There is reason for grave concern about the direction of U.S. trade policy. The bipartisan, pro‐trade consensus that served U.S. economic and diplomatic interests so well for so long collapsed during the final two years of the Bush administration. Trade skeptics have increased their ranks in the new Congress, a majority of Americans perceive trade as threatening, and grim economic news has made the political climate inhospitable to arguments in support of trade.
But restoring the pro‐trade consensus must be a priority of the Obama administration. If the United States indulges misplaced fears, restrains economic freedoms, and attempts to retreat from the global economy, the country will suffer slower economic growth and have greater difficulty facing future economic and foreign policy challenges.
America’s trade skepticism is largely the product of a top‐down process. Perceptions have been shaped overwhelmingly by relentless political rhetoric that relies on three myths. Congress and the media have spoken for years about the decline of U.S. manufacturing as though it were fact, when the overwhelming evidence points to a sector that, until the onset of the current recession, was robust and setting performance records. Both lament the U.S. trade deficit without attempting to convey or even understand its causes, meaning, or implications. And both attribute these alleged failures of policy to lax enforcement of existing trade agreements.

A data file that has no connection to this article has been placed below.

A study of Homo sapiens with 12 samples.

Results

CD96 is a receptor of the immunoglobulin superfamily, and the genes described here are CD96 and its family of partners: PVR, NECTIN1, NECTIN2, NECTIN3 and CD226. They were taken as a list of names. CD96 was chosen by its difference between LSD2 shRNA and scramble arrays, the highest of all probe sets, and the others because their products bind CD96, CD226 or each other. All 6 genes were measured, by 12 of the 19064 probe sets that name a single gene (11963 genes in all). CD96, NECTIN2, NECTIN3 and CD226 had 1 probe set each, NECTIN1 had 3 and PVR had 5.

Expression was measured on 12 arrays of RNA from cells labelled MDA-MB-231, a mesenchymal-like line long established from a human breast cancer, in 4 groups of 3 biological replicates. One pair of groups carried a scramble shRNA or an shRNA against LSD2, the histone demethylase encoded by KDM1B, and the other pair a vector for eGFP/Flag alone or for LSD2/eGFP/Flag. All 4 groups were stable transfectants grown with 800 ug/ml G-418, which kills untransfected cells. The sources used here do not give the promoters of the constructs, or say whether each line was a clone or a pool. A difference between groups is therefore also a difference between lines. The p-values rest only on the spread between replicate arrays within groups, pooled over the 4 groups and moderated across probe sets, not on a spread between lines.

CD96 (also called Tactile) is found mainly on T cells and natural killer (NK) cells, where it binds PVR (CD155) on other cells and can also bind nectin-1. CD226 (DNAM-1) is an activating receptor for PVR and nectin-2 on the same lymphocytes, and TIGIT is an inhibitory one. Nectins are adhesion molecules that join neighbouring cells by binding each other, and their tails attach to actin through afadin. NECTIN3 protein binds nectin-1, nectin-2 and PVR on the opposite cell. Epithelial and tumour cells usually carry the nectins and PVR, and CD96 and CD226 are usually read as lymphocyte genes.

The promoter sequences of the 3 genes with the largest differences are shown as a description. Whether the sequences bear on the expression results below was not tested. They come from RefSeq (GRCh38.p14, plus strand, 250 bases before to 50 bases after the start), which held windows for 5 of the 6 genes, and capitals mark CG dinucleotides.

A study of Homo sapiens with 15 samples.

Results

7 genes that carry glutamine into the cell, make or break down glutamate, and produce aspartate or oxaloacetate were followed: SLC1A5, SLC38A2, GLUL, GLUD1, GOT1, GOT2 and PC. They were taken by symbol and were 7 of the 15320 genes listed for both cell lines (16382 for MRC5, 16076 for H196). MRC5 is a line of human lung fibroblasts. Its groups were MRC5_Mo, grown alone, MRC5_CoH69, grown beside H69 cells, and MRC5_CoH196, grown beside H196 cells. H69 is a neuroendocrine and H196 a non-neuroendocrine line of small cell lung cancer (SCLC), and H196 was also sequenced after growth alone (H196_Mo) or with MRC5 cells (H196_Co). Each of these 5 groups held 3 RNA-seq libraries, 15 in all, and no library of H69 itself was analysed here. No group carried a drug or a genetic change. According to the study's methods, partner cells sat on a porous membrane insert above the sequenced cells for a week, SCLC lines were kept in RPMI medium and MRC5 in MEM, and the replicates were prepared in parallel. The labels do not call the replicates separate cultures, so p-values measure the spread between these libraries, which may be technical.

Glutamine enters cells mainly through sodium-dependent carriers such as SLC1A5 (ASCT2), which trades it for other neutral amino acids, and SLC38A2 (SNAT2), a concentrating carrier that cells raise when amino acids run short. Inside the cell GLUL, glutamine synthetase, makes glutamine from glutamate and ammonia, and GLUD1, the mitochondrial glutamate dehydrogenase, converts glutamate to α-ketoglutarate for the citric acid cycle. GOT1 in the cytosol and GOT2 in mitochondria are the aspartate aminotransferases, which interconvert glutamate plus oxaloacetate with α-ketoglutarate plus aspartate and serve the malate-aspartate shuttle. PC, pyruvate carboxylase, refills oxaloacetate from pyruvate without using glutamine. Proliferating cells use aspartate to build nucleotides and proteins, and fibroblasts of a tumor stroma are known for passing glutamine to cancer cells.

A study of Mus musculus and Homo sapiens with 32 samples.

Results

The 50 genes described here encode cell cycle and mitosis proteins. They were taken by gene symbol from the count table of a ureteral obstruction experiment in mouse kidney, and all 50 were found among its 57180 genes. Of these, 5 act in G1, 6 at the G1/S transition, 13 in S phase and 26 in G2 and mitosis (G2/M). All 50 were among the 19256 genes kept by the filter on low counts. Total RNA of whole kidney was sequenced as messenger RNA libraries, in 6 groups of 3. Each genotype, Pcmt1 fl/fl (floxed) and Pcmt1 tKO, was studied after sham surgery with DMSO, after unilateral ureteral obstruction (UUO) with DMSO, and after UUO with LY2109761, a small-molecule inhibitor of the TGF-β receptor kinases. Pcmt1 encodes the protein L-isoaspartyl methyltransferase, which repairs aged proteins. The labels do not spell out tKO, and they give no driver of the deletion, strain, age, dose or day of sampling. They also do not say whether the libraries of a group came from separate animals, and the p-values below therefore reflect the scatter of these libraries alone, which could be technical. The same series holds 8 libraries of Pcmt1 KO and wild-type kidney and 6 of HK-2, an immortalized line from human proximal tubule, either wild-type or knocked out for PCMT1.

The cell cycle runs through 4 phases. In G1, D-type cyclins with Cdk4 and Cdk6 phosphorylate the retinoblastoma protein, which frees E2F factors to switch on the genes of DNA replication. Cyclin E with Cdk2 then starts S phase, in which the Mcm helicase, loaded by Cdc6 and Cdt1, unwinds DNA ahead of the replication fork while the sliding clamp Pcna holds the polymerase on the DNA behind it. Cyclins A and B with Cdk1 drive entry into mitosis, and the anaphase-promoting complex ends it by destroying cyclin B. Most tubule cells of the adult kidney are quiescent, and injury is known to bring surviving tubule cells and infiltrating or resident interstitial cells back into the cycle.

President Obama should reexamine these premises. He will find that they are long on fallacy and short on fact. Meanwhile, the president will find it necessary to rein in the congressional leadership’s increasingly provocative approach to trade policy if he is to have success repairing America’s foreign policy credibility.
The determination of the president to arrest and reverse America’s misguided and metastasizing aversion to trade could dramatically improve prospects for restoring the pro‐trade consensus.